There's a very wide range of wagons available include plastic,
etched and cast kits, and few are difficult to build. However,
the easiest and best are the plastic kits by Parkside and other reputable
manufacturers which have been introduced in recent years. They include
examples from almost every period of railway history, and no matter where
your interests lie you should find something to make a start with.
Here are three Society Parkside wagons from the early 1930's
under construction: a GWR van, an LMS 3 plank wagon and an LNER van;
they lasted until the 1970's or later. Start by forming a box of sides
and ends, then drop in the floor. Add bearings to the solebar/W-iron
units, glue on axle boxes, glue the solebars to the floor, then drop
in the wheels, and you've arrived at the stage shown here. Now just
detail the underframe (these can be built as fitted or unfiitted wagons),
add buffers, couplings and roof, and you're ready for painting and lettering.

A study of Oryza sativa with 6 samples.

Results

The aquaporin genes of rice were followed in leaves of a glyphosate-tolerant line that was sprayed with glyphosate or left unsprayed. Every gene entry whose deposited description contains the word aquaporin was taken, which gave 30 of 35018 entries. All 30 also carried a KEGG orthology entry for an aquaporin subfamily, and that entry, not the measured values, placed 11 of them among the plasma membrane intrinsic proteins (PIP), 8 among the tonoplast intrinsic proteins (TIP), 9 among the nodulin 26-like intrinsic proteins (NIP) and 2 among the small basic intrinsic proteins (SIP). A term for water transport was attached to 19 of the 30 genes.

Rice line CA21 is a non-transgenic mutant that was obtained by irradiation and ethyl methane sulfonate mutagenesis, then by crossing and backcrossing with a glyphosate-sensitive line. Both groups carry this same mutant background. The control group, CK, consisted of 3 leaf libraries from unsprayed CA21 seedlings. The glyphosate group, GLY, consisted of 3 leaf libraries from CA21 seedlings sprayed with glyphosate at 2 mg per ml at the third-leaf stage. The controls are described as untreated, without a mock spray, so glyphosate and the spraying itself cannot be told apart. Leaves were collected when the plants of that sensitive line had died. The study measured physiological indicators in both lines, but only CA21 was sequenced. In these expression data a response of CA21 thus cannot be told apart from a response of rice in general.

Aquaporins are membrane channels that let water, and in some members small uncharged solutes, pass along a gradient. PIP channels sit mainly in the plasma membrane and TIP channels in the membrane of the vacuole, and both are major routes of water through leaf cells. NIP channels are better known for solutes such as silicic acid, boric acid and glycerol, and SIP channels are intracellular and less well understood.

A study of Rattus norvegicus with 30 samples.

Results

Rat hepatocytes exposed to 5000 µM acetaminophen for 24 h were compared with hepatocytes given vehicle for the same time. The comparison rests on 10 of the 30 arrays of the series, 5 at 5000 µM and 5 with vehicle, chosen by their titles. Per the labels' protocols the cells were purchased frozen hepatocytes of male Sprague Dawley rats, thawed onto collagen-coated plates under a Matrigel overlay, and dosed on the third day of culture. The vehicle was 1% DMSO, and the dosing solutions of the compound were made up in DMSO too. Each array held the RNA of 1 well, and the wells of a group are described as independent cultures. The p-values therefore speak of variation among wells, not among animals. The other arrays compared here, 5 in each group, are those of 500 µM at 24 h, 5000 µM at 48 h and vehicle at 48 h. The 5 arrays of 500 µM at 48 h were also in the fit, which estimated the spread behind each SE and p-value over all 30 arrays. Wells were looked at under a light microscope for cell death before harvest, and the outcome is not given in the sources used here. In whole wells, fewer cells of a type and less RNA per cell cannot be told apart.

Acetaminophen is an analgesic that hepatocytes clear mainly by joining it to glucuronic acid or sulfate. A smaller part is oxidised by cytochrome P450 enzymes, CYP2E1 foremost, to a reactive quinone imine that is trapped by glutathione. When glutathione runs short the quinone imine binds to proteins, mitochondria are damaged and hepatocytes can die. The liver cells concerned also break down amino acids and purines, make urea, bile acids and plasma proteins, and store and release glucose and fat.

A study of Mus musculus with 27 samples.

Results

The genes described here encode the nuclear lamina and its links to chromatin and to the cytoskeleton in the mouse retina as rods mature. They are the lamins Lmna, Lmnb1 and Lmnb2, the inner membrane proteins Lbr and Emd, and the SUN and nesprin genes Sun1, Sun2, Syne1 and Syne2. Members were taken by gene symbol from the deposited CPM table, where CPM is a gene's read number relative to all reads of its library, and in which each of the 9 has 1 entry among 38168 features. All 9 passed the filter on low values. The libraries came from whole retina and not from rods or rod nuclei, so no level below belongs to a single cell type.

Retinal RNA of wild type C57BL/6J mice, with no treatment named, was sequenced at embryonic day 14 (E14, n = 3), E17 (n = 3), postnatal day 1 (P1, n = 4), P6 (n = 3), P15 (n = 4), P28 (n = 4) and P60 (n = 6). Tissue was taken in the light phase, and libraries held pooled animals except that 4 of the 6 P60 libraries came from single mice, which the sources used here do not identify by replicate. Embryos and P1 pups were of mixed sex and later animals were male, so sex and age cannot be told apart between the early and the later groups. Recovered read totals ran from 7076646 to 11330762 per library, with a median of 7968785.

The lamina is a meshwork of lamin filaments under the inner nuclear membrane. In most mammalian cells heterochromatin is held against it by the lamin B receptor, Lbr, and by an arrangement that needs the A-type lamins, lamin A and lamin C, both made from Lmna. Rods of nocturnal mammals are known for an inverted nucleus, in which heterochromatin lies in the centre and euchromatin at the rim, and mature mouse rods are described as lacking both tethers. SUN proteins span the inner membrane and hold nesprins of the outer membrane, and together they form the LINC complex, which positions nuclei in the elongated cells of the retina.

Each kit will produce a number of variations.
For those fascinated by pre-Grouping railways, there's also plenty
of choice, such as these Cambrian-produced GWR wagons from Finney &
Smith: a wooden bodied van pre-1886, an iron bodied van post-1886 (the
gunpowder variety shown here was built until 1909), and an O2 or O10 7-plank
general merchandise wagon from around 1906; they all had long lives, and
the vans could still be seen until recently as grounded bodies. They
build the same way as the Parkside kits, and also include chasses.
Most plastic wagons include Parkside chassis kits; these are highly
detailed and include most variations, including the common RCH types and
the distinctive Dean/Churchward pattern, and also both steel and wooden
solebars. Here are the 9' and 10' frets (these come in pairs), and
an accessory fret which gives even more variations. The chassis kits
are also available separately, for improving older kits or scratchbuilding.
If you feel you need even finer detail, there are some excellent etched
chassis kits available, including Andrew Thomas's kits from Finney &
Smith, Fencehouses kits from the Society, and Worsley Works kits.
Here are three completed Parkside wagons. The transfers are from 3SMR's
Modelmaster-produced waterslide range.